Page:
Violin Plots: A Variation of Box Plots for Skewed Data

Unleashing the Power of Violin Plots===

Box plots are widely used in data analysis and visualization, but they have limitations when it comes to skewed data. A violin plot is a variation of the traditional box plot that can more accurately represent skewed distributions. In this article, we’ll explore the benefits of violin plots and why they are an essential tool for data analysis.

The violin plot was first introduced by L. Wilkinson in 1999. It is similar to a box plot in that it displays the median, quartiles, and outliers of a dataset. However, instead of using a box and whisker plot, a violin plot adds a kernel density plot to the side of the plot. This allows for additional information about the distribution of data to be displayed, making it particularly useful for skewed data.

Say Goodbye to Misleading Box Plots with Skewed Data

Box plots are a popular tool for displaying numerical data, but they can be misleading when the data is highly skewed. Skewed data occurs when one tail of the data distribution is longer than the other. For example, if the majority of the data falls in the lower range of values, but there are a few extreme values that are much higher, this creates a right-skewed distribution. Box plots can obscure this information, as the whiskers are based on a fixed range rather than the actual distribution of the data.

This is where the violin plot shines. The addition of the kernel density plot allows for a clear visual representation of the skewed data. The shape of the violin plot will appear thinner on the side where there is less data, and thicker on the side where there is more data. This allows for a more accurate depiction of the distribution and can help identify outliers and clusters of data.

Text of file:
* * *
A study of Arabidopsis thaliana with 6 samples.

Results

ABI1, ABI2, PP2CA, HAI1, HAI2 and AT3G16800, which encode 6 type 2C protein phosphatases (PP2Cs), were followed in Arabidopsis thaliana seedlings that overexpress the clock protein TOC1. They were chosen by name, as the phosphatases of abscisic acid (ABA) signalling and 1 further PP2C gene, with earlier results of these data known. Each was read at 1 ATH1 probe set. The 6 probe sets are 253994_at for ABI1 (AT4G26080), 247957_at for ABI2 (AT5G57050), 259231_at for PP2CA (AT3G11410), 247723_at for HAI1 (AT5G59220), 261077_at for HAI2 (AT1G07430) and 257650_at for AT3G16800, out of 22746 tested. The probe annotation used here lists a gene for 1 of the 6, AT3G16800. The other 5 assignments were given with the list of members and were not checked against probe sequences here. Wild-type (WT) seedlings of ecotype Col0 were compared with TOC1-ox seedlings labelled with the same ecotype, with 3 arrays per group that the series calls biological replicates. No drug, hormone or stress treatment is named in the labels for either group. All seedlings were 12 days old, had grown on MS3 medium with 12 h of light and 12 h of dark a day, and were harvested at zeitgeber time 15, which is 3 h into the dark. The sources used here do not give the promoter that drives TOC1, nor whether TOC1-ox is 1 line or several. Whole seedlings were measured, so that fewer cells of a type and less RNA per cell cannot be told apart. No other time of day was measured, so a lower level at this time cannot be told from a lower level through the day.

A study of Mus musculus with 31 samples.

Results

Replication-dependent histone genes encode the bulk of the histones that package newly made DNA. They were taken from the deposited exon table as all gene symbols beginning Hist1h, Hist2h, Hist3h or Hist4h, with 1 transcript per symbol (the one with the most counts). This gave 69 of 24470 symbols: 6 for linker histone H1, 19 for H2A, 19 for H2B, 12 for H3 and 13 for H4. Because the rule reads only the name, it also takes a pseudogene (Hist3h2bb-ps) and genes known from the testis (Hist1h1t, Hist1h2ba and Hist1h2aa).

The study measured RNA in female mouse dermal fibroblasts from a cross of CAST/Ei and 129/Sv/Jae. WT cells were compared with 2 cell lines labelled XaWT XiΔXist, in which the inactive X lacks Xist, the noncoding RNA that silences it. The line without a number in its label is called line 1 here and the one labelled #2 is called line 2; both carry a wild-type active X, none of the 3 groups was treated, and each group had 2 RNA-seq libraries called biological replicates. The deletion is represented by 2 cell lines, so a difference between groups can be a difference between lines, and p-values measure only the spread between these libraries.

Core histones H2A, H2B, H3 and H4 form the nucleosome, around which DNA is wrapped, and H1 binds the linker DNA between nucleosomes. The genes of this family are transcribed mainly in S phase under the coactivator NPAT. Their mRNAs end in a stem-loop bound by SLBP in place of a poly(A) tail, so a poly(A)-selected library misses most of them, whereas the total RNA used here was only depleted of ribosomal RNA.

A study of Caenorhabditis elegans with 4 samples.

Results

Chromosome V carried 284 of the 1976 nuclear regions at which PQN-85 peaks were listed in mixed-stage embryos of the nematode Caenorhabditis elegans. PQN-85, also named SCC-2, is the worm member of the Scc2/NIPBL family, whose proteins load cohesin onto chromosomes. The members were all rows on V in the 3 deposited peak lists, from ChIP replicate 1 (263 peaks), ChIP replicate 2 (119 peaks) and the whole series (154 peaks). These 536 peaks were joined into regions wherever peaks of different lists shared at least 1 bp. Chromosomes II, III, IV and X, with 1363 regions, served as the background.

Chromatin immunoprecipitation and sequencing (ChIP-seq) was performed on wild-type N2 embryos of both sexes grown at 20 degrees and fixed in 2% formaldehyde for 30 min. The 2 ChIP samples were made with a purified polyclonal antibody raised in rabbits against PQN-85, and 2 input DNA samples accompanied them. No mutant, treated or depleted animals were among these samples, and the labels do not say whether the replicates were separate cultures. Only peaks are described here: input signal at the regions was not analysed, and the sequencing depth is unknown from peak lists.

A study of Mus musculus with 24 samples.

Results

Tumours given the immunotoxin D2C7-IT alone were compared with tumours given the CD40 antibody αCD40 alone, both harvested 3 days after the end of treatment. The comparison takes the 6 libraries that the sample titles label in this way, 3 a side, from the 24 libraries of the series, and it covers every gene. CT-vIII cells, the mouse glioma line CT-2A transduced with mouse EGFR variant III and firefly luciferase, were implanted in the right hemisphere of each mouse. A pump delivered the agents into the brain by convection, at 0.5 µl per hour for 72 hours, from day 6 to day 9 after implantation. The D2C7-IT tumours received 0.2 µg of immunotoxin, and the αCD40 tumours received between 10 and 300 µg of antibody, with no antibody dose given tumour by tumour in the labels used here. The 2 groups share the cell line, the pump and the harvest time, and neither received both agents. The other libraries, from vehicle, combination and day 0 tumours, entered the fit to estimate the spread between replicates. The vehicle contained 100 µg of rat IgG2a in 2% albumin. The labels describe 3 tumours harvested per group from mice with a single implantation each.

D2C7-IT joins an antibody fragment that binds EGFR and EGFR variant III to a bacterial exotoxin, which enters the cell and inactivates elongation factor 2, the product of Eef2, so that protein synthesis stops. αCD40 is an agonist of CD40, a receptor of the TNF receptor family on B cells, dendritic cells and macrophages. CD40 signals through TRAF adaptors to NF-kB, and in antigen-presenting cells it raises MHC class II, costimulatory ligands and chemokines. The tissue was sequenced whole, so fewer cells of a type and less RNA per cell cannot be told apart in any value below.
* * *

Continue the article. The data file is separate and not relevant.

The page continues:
In addition, violin plots can be stacked or overlaid to compare distributions across multiple groups. This is particularly useful in fields such as medical research, where distributions of patient data can be compared across different treatment groups or disease states.

Unleashing the Power of Violin Plots===

When it comes to displaying skewed data, the traditional box plot can be misleading. The violin plot offers a more accurate and informative visualization, with the added benefit of displaying the distribution of the data. Whether you’re performing statistical analysis or presenting data to stakeholders, the violin plot should be a tool in your data visualization arsenal. So next time you encounter skewed data, give the violin plot a try.

Youssef Merzoug

I am eager to play a role in future developments in business and innovation and proud to promote a safer, smarter and more sustainable world.